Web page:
Mooney Valley becomes Melbourne's first converged council

Mooney Valley Council is believed to be the first Melbourne metropolitan council to implement a converged voice and data network.

The council's information systems manager, Maureen Trezise, said ageing telecommunications equipment prompted the move to a converged infrastructure.

"We had to do something about our 15-year-old PABX, which had high maintenance costs and a limit of 50 voicemail boxes," said Trezise.

"Also, after the new customer service centre was brought online the old PABX could not deliver the level of service it required."

To upgrade to a converged network, Mooney Valley needed upgrades to its existing infrastructure and an additional switch.

"Our network is HP Procurve-based so by upgrading our four switches we were able to protect our investment," she said.

"We now have 450 NEC IP handsets, an NEC PABX, and five HP Procurve switches." Mooney Valley council's network administrator, Leon Rastopoulos, said the quality of voice was good after a few initial problems.

"Regular applications were taking up bandwidth through the network," Rastopoulos said.

"We now have two VLANs [Virtual LAN], one each for voice and data, and have applied quality of service to prioritise the voice traffic. Now we are happy with the service, which is clear."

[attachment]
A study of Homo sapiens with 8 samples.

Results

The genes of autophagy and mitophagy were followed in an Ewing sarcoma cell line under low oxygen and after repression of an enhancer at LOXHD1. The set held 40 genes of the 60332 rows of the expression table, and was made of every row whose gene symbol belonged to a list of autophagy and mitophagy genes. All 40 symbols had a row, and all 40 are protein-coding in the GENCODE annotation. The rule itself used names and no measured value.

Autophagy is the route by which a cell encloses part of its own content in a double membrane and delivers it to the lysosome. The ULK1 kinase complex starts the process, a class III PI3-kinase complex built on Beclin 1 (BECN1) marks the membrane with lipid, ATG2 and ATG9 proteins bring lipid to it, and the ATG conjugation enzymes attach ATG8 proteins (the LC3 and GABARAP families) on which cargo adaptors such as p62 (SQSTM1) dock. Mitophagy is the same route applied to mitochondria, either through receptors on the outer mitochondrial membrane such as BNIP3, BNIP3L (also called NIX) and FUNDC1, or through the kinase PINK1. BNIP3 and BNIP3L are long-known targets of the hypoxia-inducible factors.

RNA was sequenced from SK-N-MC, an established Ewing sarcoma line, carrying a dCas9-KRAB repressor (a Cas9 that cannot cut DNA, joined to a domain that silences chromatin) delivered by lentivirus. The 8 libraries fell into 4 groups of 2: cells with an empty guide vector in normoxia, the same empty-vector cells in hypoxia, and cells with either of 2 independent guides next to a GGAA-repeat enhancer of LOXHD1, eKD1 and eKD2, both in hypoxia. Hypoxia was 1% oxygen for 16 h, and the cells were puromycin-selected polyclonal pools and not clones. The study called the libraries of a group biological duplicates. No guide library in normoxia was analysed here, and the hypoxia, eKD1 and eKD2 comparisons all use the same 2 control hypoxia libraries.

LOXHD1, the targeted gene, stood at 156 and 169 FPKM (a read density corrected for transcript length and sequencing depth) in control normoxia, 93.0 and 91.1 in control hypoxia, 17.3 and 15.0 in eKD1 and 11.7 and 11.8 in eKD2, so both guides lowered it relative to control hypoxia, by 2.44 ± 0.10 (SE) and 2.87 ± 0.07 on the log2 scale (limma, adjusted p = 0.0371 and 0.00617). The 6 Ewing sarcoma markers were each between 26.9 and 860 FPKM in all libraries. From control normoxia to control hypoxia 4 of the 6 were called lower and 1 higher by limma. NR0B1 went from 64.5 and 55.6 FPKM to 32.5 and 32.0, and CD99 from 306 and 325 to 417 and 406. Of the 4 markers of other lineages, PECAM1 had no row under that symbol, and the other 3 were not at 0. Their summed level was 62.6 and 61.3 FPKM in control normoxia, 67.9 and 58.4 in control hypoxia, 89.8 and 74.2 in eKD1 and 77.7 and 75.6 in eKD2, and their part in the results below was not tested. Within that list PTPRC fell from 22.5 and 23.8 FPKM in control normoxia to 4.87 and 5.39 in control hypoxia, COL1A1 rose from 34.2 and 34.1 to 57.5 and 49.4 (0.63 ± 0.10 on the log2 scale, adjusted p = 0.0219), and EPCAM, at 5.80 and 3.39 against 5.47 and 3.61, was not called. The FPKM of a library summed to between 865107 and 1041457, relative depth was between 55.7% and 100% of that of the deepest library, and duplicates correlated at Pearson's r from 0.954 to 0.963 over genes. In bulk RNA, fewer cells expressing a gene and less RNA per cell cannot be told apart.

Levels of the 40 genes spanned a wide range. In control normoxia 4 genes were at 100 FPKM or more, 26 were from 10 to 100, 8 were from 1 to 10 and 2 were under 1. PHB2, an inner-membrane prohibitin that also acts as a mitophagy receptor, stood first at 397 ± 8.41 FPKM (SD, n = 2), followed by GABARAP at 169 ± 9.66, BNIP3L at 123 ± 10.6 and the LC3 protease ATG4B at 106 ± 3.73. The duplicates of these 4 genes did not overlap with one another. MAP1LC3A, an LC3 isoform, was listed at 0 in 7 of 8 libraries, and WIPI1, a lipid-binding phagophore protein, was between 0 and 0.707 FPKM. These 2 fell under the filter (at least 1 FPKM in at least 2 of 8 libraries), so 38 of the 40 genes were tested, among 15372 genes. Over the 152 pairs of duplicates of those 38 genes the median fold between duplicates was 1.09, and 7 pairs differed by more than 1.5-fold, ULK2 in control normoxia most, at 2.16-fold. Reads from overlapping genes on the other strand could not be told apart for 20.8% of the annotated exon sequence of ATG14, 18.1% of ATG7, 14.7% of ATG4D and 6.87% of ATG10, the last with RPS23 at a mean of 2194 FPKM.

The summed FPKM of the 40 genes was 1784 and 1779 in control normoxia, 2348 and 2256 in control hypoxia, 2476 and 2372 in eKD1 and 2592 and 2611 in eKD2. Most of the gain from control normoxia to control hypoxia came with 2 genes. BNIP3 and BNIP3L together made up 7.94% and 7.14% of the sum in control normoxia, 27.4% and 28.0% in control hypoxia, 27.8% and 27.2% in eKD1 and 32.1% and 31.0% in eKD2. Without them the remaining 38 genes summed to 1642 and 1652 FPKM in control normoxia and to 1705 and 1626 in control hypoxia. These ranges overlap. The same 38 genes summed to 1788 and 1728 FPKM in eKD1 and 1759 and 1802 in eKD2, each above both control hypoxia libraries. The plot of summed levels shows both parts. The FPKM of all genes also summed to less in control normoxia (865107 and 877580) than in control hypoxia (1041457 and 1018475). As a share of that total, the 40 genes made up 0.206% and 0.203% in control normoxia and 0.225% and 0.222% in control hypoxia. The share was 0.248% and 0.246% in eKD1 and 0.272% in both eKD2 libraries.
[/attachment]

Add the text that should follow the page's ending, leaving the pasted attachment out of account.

Trezise said the project cost $700,000, for which the council did not have a budget.

"To finance the project we entered into a five-year lease with Macquarie Bank," she said.

"However, the savings we are experiencing offset the lease costs by about $300 a month as we have reduced phone costs between sites and eliminated maintenance costs of the old PABX and switchboard equipment."

With the VoIP infrastructure in place, Mooney Valley council can integrate voice and data applications.

"Our VoIP system is integrated with Microsoft Outlook so customer service officers can see if we are in meetings, for example," Trezise said. "Also, voicemails are sent to the person's e-mail inbox as a .wav attachment which can be listened to on the computer."

The council may consider installing IP softphones on its PCs.

"The IP handsets are patched to the switches and connect one data cable to the PC," said Rastopoulos.

"By supporting power over Ethernet, additional power cables for the phones are not required."

Trezise praised the easy migration to IP telephony for staff.

"Although we could have used our existing handsets they were aged anyway and needed replacing," she said.

"All staff went through about three-quarters of an hour of training on the new technology, which has increased morale. They often say 'I love the new system'. "Although smaller councils may not be able to afford the technology we have had numerous phone calls and will hold demonstration sessions on October 22 and 23." Worldwide director for HP Procurve Networking, Mark Thompson, said the company was excited about convergence.

"HP products are developed for ease of use and offer a lower TCO than our competitors," he said.

"We spend a lot of time certifying VoIP solutions and partner with leading suppliers to make sure all components function well."